Friedman: Small, Mid-Sized Telecom and Service Providers Excluded From Stimulus Program


Small and medium-sized telecommunications and information service providers have been "effectively excluded" from the broadband stimulus program thanks to rules that are unfair and unbalanced and a program that has been poorly run.

That was the message of American Cable Association chairman and Wave Broadband COO Steve Friedman in a broadband oversight hearing in the U.S. Senate Committee on Small Business & Entrepreneurship Tuesday April 27), according to a copy of his prepared testimony.

Meanwhile, overbuilders have been given government grants to provide broadband service in competition to those operators.

Friedman said that the broadband stimulus grant programs being administered by the National Telecommunications & Information Administration and Rural Utilities Service were well-meaning, but were "poorly developed and implemented" and should have been directed to unserved areas. He said ACA had supported the stimulus program despite problems of overbuilding in cites in the RUS' rural support mechanisms in the past, in hopes that those overbuild problems would not be repeated. But he said members have said those problems persist.

He cited three examples where ACA members were in line to be overbuilt with grant or loan money from the program. "The RUS and NTIA should immediately review and modify all proposals of all first round awardees to ensure that no funding will be used to overbuild existing Internet access providers- particularly the three instances above - and then concentrate in the second round on providing loans and grants to the truly unserved areas of the country," he said.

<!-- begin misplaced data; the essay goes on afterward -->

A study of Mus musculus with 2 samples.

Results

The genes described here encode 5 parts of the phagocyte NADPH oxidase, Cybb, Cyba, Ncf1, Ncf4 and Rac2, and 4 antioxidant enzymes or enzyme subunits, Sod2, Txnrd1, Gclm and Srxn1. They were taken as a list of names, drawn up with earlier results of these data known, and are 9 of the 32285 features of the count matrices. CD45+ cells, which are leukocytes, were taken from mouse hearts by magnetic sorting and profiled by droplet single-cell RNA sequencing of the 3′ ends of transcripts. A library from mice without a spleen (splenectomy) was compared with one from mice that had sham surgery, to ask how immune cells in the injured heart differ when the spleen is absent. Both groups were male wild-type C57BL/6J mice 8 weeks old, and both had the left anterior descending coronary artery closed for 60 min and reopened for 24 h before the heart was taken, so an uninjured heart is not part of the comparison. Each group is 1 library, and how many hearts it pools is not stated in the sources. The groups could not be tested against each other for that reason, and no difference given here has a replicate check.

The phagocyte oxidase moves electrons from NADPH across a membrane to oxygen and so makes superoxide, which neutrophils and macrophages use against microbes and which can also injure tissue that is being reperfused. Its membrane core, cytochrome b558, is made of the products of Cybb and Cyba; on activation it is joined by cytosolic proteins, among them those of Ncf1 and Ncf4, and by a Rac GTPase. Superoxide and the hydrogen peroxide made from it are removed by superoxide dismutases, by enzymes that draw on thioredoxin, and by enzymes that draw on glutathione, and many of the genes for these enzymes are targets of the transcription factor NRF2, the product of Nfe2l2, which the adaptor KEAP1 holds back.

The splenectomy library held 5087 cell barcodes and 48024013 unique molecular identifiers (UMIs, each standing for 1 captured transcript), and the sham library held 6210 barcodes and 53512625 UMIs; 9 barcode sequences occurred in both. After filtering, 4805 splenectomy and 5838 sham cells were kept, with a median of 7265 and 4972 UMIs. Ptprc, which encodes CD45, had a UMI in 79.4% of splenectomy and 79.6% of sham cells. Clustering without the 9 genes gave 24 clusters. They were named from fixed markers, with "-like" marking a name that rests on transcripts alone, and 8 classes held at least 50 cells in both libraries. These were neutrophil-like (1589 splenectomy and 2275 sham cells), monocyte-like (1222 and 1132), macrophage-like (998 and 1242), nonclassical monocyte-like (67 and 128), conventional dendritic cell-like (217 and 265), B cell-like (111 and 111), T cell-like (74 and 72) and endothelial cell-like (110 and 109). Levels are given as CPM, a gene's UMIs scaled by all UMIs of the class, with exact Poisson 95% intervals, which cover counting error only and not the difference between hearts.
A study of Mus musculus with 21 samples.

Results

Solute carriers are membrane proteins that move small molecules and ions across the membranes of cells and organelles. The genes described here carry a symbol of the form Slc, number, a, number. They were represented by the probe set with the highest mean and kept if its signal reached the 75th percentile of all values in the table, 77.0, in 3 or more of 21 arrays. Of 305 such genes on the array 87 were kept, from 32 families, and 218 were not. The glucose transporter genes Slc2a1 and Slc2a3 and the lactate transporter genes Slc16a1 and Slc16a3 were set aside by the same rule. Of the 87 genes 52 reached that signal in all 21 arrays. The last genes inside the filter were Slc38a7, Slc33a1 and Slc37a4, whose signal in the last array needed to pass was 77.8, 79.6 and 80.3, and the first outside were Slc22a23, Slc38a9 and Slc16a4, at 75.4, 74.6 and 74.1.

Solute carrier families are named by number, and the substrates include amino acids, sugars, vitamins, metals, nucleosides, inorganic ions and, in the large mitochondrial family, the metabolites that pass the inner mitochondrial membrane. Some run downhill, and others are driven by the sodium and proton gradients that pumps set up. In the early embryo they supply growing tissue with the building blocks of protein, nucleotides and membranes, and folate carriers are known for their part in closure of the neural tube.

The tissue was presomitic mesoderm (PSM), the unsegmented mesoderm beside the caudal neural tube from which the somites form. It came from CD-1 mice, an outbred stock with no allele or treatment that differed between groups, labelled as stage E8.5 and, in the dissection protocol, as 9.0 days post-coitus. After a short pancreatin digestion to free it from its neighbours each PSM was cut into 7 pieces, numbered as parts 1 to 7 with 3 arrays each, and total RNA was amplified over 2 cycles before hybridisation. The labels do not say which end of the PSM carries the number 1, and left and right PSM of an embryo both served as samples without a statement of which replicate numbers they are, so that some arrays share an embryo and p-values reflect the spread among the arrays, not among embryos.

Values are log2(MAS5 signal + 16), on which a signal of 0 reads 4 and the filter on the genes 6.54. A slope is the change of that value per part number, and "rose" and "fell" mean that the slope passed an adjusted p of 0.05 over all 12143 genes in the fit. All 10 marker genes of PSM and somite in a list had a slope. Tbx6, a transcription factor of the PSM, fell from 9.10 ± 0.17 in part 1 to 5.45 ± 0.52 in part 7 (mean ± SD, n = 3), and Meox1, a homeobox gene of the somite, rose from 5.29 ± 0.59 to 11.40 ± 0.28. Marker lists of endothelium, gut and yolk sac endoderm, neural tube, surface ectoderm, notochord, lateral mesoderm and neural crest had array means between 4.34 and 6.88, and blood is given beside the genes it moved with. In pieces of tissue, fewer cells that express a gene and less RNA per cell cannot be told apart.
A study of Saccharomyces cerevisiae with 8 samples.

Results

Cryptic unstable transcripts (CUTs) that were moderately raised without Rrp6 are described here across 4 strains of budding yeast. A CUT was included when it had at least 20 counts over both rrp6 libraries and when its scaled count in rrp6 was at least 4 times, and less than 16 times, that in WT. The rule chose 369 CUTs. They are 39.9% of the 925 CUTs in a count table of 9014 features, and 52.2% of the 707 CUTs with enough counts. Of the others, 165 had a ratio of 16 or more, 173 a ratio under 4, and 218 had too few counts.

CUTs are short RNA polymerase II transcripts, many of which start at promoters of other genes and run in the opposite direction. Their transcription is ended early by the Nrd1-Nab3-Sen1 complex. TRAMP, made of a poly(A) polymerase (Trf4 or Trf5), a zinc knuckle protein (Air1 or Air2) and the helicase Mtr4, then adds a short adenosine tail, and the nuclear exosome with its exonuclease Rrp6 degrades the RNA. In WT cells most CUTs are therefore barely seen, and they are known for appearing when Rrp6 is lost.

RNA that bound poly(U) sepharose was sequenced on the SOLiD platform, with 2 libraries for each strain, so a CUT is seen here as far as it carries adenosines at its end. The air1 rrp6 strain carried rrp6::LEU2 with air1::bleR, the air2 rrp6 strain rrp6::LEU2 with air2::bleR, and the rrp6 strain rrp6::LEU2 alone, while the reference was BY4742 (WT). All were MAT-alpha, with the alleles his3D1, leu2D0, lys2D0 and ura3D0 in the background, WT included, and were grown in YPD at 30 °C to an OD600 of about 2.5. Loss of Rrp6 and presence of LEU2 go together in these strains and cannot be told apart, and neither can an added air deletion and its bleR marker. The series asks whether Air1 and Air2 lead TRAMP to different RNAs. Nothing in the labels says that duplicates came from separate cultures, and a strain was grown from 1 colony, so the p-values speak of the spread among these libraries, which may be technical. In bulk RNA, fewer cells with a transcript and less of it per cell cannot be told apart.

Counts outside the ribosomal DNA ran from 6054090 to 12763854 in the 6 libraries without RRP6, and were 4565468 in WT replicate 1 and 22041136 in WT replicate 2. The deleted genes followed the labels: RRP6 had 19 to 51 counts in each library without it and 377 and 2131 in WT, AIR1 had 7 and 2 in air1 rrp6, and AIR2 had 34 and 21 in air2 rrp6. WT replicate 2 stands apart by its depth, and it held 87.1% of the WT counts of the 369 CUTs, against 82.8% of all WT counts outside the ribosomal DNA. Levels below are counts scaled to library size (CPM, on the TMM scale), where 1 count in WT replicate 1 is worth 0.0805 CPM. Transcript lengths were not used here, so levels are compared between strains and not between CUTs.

NTIA just completed handing out grants for its first of two rounds of bidding, and is currently vetting the second round.

Friedman said that the government could help his members provide broadband in places without last-mile infrastructure or access to sufficient middle-mile (backbone) services at reasonable prices by "increasing the availability of low-cost, high-capacity middle mile infrastructure; updating the set-top box rules; reforming the pole attachment rules to lower broadband costs and continue expansion; prohibiting BIP and BTOP funding from going to areas already served; and ensuring that government-funded broadband deployment programs are technology and industry neutral."

Also slated to testify are the heads of both the RUS and NTIA.